A few days ago I cycled to the sea and painted the sunset.
It was very cloudy and I didn’t know whether it would be a spectacularly colorful sunset or a dull one. It ended up being a combination of both.
There was some warm orange sunlight but it was soft and understated and accompanied by a lot of dull gray clouds. It was, though, very beautiful.
I added the boat to give a focal point and to give a feeling of epic size. Yet in actuality, I saw no boats or ships on that particular day.
After finishing this painting and on my return journey home, via my bicycle, it was a relief to discover that there are still strange river folk around.
On this occasion, it was an old man with his wife. He was wearing a bright shiny white tracksuit with a fluorescent lime-green band positioned diagonally across his back.
He was facing the river in a very dramatic manner and holding out in front of him a device that was playing enka music (traditional Japanese music) and singing along to it with complete abandon.
He had a beautiful voice. But as I was passing he stopped then hawked very loudly and spat. This spoiled the romance of the moment for me.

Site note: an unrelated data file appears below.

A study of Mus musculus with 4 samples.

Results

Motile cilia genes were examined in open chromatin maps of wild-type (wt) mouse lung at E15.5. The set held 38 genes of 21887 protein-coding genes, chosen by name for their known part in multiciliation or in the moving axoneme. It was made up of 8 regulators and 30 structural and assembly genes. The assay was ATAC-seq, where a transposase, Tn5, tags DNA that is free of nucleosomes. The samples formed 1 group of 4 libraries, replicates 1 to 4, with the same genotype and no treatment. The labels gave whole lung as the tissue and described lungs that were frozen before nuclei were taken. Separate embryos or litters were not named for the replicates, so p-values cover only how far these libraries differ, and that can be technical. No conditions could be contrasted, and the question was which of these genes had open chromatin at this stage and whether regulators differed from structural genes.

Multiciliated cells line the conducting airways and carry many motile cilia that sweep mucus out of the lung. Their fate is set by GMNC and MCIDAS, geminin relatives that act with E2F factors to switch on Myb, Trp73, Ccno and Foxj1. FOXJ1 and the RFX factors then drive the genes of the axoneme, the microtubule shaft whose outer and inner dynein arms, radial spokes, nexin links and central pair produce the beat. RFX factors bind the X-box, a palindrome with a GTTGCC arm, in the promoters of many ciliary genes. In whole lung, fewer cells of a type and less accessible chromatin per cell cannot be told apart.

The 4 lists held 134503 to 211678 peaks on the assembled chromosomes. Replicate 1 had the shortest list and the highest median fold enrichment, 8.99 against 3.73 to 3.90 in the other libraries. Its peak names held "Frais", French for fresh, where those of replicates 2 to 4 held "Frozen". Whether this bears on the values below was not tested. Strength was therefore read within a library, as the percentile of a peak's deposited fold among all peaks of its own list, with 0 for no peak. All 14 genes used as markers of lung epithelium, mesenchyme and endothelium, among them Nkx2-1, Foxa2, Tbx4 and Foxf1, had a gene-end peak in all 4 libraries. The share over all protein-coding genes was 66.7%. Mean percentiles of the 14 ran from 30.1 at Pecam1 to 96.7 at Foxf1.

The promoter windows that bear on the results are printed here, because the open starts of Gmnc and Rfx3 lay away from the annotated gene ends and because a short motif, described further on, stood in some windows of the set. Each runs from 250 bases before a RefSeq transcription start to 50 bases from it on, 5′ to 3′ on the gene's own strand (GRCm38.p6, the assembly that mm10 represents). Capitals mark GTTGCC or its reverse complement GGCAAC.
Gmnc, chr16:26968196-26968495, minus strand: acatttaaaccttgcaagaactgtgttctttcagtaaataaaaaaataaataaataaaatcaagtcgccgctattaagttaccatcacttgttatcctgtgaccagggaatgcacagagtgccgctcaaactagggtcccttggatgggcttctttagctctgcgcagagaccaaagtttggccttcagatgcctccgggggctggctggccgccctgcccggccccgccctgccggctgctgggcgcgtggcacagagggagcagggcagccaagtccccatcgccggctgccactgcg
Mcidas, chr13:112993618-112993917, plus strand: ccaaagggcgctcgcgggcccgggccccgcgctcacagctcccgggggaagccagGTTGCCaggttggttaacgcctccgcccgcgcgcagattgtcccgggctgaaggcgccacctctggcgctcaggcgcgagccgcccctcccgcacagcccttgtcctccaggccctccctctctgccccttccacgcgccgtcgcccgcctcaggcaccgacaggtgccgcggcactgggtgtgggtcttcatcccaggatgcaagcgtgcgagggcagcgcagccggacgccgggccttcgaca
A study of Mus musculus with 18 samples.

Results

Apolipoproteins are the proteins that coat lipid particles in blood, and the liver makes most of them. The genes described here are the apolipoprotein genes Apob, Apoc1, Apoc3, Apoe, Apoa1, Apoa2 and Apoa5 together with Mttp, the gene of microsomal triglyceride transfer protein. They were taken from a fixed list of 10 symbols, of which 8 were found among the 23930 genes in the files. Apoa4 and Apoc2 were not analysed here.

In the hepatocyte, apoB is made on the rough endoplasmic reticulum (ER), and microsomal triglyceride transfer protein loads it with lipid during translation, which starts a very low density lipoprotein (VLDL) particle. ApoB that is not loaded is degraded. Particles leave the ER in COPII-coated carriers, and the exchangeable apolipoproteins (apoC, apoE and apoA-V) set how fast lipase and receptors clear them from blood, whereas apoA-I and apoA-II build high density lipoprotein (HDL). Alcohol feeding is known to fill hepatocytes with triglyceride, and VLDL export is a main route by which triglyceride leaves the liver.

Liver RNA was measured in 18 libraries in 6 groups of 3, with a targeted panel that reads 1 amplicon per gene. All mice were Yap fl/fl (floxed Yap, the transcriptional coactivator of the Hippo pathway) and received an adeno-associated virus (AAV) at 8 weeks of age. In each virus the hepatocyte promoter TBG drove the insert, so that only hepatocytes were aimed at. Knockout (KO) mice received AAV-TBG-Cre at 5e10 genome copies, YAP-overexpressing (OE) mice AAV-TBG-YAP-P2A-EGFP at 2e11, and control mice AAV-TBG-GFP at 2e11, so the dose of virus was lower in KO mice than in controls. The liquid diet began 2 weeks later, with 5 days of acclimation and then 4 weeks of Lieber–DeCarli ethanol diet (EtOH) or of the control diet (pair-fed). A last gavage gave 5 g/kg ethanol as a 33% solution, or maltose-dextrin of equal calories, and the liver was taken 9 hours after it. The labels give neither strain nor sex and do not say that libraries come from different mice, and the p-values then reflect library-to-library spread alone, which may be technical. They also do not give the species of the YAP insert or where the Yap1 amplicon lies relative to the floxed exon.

And, yet, the whole thing was simultaneously comical and entertaining.
There is a great deal of public hawking and spitting in Japan. The hawking is so loud that you can hear them in their houses in the morning doing it.
It’s not something you’d expect from a culture that is supposed to be quite reserved. I only saw some young people behave like that in England. They thought it was impressive, but it wasn’t the thing most people did in England. So now I’m curious about what it’s like in other countries.
This story was originally written in June of 2014. I am editing it in 2022.